And a tunnel directly across from the south terminus of Manhattan was completed in 1907.
So after a cab ride to the airport rental agency, we escaped the fumes of Manhattan on an August Friday noon and joined the city escapees heading north.
In 1629, chiefly to encourage agriculture, the Company issued its famous Charter of Privileges and Exemptions, which provided that any member might have anywhere in New Netherland except on Manhattan Island his choice of a tract of unoccupied land extending 16 m.
Columbia University and Cornell University (q.v.), are: Union University (1795, non-sectarian), at Schenectady; Hamilton College (1812, non-sectarian), at Clinton; Colgate University (1819, non-sectarian), at Hamilton; Hobart College (1822, non-sectarian), at Geneva: Rensselaer Polytechnic Institute (1824, non-sectarian), at Troy; New York University (1832, non-sectarian), in New York City; Alfred University (1836, non-sectarian), at Alfred; Fordham University (1841, Roman Catholic), in New York City; College of St Francis Xavier (1847, Roman Catholic), in New York City; College of the City of New York (1849, city); University of Rochester (1850, Baptist), at Rochester; Polytechnic Institute of Brooklyn (1854, non-sectarian), at Brooklyn; Niagara University (1856, Roman Catholic), at Niagara Falls; St Lawrence University (1858, non-sectarian), at Canton; St Bonaventure's College (1859, Roman Catholic), at St Bonaventure; St Stephen's College (1860, Protestant Episcopal), at Annandale; Manhattan College (1863, Roman Catholic), at New York City; St John's College (1870, Roman Catholic), at Brooklyn; Canisius College (1870, Roman Catholic), at Buffalo; Syracuse University (1871, Methodist Episcopal), at Syracuse; Adelphi College (1896, non-sectarian), at Brooklyn; and Clarkson School of Technology (1896, non-sectarian), at Potsdam.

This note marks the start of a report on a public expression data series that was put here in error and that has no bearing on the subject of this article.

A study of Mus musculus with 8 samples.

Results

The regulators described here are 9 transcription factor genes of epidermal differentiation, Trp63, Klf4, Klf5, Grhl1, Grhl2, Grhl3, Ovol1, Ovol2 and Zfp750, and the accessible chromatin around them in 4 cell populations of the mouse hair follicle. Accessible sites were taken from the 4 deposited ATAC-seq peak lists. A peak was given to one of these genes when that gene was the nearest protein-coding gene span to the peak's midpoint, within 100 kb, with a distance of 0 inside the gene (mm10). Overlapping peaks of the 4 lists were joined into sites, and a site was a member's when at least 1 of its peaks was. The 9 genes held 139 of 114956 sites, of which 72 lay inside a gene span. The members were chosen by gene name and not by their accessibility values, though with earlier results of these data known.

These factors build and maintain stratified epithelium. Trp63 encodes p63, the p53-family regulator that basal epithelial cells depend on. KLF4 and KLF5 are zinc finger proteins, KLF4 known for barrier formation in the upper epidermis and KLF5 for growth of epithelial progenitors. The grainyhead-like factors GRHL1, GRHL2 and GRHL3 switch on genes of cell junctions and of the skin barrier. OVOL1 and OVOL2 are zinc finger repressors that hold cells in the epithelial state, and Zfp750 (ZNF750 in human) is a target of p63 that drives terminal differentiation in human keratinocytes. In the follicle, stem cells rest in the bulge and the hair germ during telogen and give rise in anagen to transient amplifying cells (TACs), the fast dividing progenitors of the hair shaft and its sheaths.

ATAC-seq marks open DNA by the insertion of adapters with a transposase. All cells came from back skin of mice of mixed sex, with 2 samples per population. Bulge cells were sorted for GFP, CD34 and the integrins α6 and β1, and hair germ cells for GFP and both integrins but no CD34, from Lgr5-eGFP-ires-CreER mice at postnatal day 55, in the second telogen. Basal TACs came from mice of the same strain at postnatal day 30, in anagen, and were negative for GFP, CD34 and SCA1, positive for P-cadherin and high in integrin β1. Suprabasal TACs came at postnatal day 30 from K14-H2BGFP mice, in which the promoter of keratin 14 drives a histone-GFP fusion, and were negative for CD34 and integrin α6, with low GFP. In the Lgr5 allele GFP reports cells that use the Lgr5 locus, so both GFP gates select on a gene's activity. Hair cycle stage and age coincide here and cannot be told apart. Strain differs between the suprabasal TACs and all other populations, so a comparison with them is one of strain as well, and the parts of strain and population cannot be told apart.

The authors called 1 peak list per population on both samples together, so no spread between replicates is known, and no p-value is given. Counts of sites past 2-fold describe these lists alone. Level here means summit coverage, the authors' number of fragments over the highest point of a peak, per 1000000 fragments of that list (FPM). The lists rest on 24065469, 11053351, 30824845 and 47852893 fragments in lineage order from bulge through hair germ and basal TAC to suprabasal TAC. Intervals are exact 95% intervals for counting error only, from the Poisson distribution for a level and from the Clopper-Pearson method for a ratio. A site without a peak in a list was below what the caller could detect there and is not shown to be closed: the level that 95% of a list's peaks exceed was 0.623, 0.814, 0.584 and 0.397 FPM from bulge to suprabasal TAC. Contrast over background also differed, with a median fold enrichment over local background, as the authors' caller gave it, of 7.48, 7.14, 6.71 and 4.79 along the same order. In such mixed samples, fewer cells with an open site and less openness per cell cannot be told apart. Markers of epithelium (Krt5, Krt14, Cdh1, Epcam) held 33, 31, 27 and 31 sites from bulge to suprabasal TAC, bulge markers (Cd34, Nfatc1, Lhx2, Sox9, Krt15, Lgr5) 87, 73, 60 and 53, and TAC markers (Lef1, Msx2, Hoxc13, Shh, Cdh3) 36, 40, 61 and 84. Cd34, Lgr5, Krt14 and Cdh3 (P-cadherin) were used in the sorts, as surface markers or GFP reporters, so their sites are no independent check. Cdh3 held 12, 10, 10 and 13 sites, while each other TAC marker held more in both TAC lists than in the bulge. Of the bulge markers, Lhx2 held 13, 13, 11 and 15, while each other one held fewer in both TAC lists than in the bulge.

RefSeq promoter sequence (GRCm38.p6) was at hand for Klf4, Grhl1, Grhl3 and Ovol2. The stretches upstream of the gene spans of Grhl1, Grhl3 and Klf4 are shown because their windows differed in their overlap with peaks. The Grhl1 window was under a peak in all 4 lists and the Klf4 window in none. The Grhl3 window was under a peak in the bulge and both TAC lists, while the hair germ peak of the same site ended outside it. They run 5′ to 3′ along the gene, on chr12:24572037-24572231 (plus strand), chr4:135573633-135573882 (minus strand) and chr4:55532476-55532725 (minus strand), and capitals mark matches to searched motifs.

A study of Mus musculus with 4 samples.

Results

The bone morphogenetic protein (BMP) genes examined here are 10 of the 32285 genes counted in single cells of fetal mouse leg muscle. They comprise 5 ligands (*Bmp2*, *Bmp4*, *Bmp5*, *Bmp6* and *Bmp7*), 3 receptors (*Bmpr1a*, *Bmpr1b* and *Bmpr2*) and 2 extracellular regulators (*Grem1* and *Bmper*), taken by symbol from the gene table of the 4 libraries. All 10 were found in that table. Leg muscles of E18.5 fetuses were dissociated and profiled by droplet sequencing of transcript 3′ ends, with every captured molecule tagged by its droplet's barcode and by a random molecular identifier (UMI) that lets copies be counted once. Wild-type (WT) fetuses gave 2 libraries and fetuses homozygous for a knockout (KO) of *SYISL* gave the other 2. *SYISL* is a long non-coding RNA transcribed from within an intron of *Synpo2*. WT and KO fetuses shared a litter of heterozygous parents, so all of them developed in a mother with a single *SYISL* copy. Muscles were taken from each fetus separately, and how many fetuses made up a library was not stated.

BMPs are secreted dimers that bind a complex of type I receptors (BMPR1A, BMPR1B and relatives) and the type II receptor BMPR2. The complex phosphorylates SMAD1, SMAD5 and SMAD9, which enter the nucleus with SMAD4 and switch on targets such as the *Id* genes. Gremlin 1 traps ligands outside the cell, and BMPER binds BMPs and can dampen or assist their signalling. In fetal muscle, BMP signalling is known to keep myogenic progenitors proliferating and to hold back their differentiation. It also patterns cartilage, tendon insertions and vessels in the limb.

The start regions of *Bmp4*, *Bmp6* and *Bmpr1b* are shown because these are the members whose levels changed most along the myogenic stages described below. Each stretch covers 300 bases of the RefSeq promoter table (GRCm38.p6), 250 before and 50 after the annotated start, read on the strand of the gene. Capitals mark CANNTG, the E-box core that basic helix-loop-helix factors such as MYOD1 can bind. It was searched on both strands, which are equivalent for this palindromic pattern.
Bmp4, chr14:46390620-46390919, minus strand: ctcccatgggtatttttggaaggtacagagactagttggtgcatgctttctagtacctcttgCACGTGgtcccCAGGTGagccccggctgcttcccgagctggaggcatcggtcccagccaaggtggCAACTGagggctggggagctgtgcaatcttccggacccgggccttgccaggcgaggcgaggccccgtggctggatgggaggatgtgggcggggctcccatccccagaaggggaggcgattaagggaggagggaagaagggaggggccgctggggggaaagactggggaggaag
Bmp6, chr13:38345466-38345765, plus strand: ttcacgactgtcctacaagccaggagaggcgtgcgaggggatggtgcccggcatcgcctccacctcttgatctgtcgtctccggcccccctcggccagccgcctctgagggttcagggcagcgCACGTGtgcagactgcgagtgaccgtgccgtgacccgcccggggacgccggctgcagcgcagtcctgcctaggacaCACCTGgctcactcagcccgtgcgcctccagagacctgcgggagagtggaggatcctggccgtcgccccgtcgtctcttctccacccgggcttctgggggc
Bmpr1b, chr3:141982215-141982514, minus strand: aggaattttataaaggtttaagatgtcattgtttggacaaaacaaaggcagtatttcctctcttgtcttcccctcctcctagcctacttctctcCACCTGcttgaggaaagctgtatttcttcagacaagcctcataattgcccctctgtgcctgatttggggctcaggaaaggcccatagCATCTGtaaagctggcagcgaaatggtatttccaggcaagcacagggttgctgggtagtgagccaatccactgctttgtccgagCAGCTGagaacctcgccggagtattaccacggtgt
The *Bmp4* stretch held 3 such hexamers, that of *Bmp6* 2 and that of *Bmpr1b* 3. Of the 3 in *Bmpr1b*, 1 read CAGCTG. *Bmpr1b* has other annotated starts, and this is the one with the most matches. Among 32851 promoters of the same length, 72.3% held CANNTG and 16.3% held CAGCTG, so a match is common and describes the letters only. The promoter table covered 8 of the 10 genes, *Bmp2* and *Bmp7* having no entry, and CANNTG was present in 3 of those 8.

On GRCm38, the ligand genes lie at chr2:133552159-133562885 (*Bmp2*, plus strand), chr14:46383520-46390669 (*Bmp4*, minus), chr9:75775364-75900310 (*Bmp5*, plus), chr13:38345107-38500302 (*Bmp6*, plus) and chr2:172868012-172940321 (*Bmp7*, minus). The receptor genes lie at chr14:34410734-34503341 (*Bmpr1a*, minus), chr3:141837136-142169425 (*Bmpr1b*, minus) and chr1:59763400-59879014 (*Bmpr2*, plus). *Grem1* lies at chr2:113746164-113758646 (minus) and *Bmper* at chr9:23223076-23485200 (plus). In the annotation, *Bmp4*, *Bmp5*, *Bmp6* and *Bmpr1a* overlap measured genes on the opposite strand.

Brooklyn is connected with Manhattan by three bridges across the East river - the lowest, known as the Brooklyn, opened in 1883; another, known as the Williamsburg or East River bridge, opened in 1903; and a third, the Manhattan, was opened in 1909.
In the spring of 1620 Thomas Dermer, an English ship captain, on his way from Monhegan to Virginia, visited Manhattan Island and told the Dutch traders that they would not be allowed to remain.
The mainland, opposite the western end of Long Island, is traversed by the lower Hudson and other channels - submerged valleys - which form a branching bay with several islands, the largest of which are Staten and Manhattan Islands.
Late in the same year or early in 1615 a stockaded trading post called Fort Nassau was erected on Castle Island, now within the limits of Albany, and a few huts were erected about this time or earlier on the southern extremity of Manhattan Island; but no effort at colonization was as yet made.
Instead of pressing Washington further, Howe then returned to Manhattan Fort Island, and on the 16th of November captured Fort Washing- ton.
But the freedom of trade promoted dangerous relations with the Indians, and an attempt of Kieft to collect a tribute from the Algonquian tribes in the vicinity of Manhattan Island and other indiscretions of this officer provoked Indian hostilities (1641-1645), during which most of the outlying settlements were laid waste.